Spring 2006

A Stately Reminder


The trio of stately columns that stands at WSU’s Fairmount Avenue campus entrance off 17th Street points back in time to the early years of Fairmount College and to the life — and death — of the  college’s first president.

From the day he arrived in Wichita in 1895, President Nathan J. Morrison envisioned a library that would both academically and physically occupy the focal point of Fairmount College, whose new campus occupied the highest ground in Sedgwick County. For the next 12 years the library was rarely out of his mind as he struggled to raise operating money, searched for the right faculty, arranged living quarters for students, collected books and considered new ideas — a curriculum in agriculture, for example.

By 1900, Andrew Carnegie’s program to fund community library buildings was well established, but only a few colleges had received grants. Morrison felt, however, that he had a good chance, and on May 31, 1904, the Fairmount College Board of Trustees voted to apply for a Carnegie grant of $50,000. A year later Carnegie’s secretary telegraphed the college that $40,000 would be awarded contingent on Fairmount’s ability to raise $40,000 for its endowment.

In January of 1906, The Wichita Eagle reported that Morrison had secured $33,013 in pledges, including $10,000 from the Congregational Education Society, $1,813 from students and $7,700 in other local pledges. The Eagle, in a prophetic tone, also noted that the “purpose of this undertaking is not only to accommodate the students of the college but to make this library an intellectual source for all people dwelling in the Great Arkansas Valley.”

Plans moved forward, and Albert R. Ross of New York was selected as the architect. Ross had worked for the well-known firm of McKim, Mead & White before starting his own practice. He designed the first libraries for a number of cities, including Denver, Atlanta, San Diego and Washington, D.C. His Milwaukee County Courthouse was designated a National Landmark in 1976, and the Washington library on Mt. Vernon Square is now the City Museum of the District of Columbia.

Ross’ 1908 glass-walled summer home on an island off the coast of Maine is a fascinating example of International Style architecture, predating more famous houses by Mies van der Rohe and Philip Johnson.

After Christmas in 1906, Morrison left on his annual trip to the East to raise money and collect books. In late March he met with Carnegie, and the $40,000 grant was finalized. Morrison and Ross soon left for Wichita. As usual, the 78-year-old Morrison traveled in coach to save funds, although suffering from a serious cold.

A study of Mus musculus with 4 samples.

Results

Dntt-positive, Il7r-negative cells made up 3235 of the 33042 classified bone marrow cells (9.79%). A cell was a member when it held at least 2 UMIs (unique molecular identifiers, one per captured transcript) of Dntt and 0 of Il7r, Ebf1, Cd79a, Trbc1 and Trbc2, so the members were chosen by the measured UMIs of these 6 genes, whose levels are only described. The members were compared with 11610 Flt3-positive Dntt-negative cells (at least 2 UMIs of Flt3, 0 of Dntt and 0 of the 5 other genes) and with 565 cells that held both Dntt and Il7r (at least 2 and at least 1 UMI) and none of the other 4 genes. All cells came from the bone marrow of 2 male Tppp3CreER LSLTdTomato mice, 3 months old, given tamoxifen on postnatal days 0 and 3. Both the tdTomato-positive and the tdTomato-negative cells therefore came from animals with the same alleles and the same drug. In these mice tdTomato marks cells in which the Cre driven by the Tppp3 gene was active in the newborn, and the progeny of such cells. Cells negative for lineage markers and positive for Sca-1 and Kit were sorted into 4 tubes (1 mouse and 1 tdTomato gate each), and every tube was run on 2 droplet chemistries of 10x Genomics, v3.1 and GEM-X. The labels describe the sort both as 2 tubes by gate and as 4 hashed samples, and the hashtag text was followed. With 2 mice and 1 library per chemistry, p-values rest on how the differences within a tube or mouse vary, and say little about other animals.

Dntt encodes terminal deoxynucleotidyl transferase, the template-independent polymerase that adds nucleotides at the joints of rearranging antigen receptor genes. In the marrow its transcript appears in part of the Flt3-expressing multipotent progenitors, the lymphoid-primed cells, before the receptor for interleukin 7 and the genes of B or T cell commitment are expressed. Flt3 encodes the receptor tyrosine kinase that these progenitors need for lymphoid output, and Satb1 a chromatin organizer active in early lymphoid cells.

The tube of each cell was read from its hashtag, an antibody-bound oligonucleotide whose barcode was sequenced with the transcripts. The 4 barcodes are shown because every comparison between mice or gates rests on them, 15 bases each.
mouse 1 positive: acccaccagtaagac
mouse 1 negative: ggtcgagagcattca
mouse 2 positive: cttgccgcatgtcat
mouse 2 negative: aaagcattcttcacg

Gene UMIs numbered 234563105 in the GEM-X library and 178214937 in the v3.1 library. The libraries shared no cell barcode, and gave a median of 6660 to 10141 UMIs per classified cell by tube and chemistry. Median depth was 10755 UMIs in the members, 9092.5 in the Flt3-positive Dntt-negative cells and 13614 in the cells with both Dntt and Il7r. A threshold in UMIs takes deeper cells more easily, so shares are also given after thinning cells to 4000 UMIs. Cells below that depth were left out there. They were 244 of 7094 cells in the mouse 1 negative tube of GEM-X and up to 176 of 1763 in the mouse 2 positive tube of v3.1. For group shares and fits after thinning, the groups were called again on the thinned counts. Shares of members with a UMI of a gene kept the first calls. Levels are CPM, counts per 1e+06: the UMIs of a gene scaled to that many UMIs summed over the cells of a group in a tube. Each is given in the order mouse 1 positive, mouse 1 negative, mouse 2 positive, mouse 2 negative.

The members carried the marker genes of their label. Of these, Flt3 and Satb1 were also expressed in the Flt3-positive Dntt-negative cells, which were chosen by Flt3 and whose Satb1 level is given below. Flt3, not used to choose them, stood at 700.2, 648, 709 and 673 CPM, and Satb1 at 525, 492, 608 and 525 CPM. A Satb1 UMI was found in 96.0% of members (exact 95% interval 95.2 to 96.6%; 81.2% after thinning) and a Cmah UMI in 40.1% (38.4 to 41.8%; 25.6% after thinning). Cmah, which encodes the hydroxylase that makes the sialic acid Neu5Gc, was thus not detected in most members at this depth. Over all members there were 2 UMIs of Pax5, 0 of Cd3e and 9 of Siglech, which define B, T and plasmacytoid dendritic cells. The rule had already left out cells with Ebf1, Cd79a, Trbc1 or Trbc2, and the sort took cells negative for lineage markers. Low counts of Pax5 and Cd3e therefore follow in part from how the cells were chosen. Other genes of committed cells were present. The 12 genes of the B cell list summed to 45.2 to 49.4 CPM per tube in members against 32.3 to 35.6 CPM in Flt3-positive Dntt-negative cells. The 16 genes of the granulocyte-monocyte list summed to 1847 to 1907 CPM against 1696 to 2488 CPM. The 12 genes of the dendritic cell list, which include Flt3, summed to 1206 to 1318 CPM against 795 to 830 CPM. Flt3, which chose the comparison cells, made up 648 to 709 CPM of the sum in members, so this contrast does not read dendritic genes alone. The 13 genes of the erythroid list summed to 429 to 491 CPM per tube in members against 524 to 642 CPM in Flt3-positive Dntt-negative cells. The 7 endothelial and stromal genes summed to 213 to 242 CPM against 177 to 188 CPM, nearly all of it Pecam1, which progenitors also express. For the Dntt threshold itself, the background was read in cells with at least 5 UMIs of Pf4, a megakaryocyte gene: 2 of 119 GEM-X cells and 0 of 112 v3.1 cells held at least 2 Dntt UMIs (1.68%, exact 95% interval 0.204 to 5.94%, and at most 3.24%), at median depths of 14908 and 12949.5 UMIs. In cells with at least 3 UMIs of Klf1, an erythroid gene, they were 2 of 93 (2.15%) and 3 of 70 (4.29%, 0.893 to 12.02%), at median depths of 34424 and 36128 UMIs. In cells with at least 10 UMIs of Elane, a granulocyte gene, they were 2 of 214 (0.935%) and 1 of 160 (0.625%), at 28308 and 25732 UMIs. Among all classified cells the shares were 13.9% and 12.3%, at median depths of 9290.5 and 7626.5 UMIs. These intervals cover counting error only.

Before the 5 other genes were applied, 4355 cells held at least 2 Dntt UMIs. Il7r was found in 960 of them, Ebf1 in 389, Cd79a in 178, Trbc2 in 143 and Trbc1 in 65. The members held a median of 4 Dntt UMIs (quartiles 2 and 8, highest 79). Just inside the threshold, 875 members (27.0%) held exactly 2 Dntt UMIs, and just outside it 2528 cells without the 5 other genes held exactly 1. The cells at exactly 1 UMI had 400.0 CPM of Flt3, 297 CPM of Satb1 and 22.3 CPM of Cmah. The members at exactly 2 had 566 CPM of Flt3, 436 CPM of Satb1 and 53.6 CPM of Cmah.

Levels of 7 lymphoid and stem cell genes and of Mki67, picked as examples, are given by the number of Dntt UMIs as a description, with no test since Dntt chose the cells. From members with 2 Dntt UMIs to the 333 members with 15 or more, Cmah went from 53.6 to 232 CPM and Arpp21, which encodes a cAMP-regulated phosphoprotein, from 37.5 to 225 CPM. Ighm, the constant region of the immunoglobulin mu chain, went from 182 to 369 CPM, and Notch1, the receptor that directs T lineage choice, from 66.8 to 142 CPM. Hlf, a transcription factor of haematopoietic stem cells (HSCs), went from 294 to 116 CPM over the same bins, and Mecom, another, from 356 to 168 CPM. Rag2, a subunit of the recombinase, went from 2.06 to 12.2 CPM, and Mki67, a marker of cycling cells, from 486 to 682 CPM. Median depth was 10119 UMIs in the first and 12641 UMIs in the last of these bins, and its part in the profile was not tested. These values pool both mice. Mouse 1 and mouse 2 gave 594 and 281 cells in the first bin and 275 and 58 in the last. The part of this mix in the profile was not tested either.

They arrived in Wichita on April 7, and the next day Ross met with the Board of Trustees. He presented plans for a Classical building fronted with eight columns that would sit at the north end of Fairmount Avenue. A few changes were made in the building. Basement windows were enlarged to allow more natural light, and ornamentation was removed from the façade, probably to reduce costs.

On the morning of April 11, 1907, a small group gathered for a groundbreaking ceremony, and the photograph of the event provides a magnificent, although poignant, glimpse into the university’s early history. Holding the shovel is Wichita lumberman Howard Darling, who served on the Board of Trustees from 1894-1926.

Behind him, virtually presiding over the event, is Mrs. Lucetta Carter, businesswoman and long-time supporter of the Fairmount library. On the left, hat in hand, is Dean Isely. Professors Solandt and Hoare can be identified. The man on the far right, next to President Morrison, is presumed to be architect Albert Ross.

Morrison probably got out of bed for the event. Although the temperature reached 73 degrees that day, he is wearing an overcoat and clearly is not well. A few hours later, just after midnight on April 12, he died of pneumonia. The photograph was probably taken by Theodore Morrison, the president’s son, the college librarian and an excellent amateur photographer.

Because of Morrison’s death — and Isely’s the following summer — plans were delayed, and it was not until early in 1908 that the cornerstone was placed. The building of Carthage stone and light buff brick opened in 1909 and a few years later was officially named the Morrison Library. It served the college well, but by the 1930s was considered too small for the growth plans of the new Municipal University of Wichita.

When a new library was opened in 1939, the Carnegie building, renamed Morrison Hall, was used for a number of programs, including art. It was termed the Art Building after the new structure was officially designated the Morrison Library.

Albert Ross’ Carnegie library burned in 1964, probably the result of an overheated kiln. The columns survived the fire and continued to preside over the original campus until the early ’70s when plans for the Ulrich Museum preempted the site.

Under the urging of former University Regent/Trustee Kathlien Edmiston ’33, three of the columns were then moved to their present location at the Fairmount Avenue entrance where they now serve to remind everyone of the university’s  origin as Fairmount College.

The university will host a very special public celebration for the groundbreaking’s centennial in April 2007. Everyone is invited.


Aviatrix Marvel

Marvel L. (Nordyke) White ’35, who passed away Jan. 1 in Wichita at the age of 99, certainly lived up to her first name.

Stamp of Approval

Award-winning entertainer Karla Burns ’81/81 never met Wichitan Hattie McDaniel (1895-1952), the first African-American to win an Academy Award.

A Stately Reminder

The trio of stately columns that stands at WSU’s Fairmount Avenue campus entrance off 17th Street points back in time to the early years of Fairmount College.

Found Stories

One hundred years ago, back when Fairmount College was young, one family forged the first Shocker sports dynasty.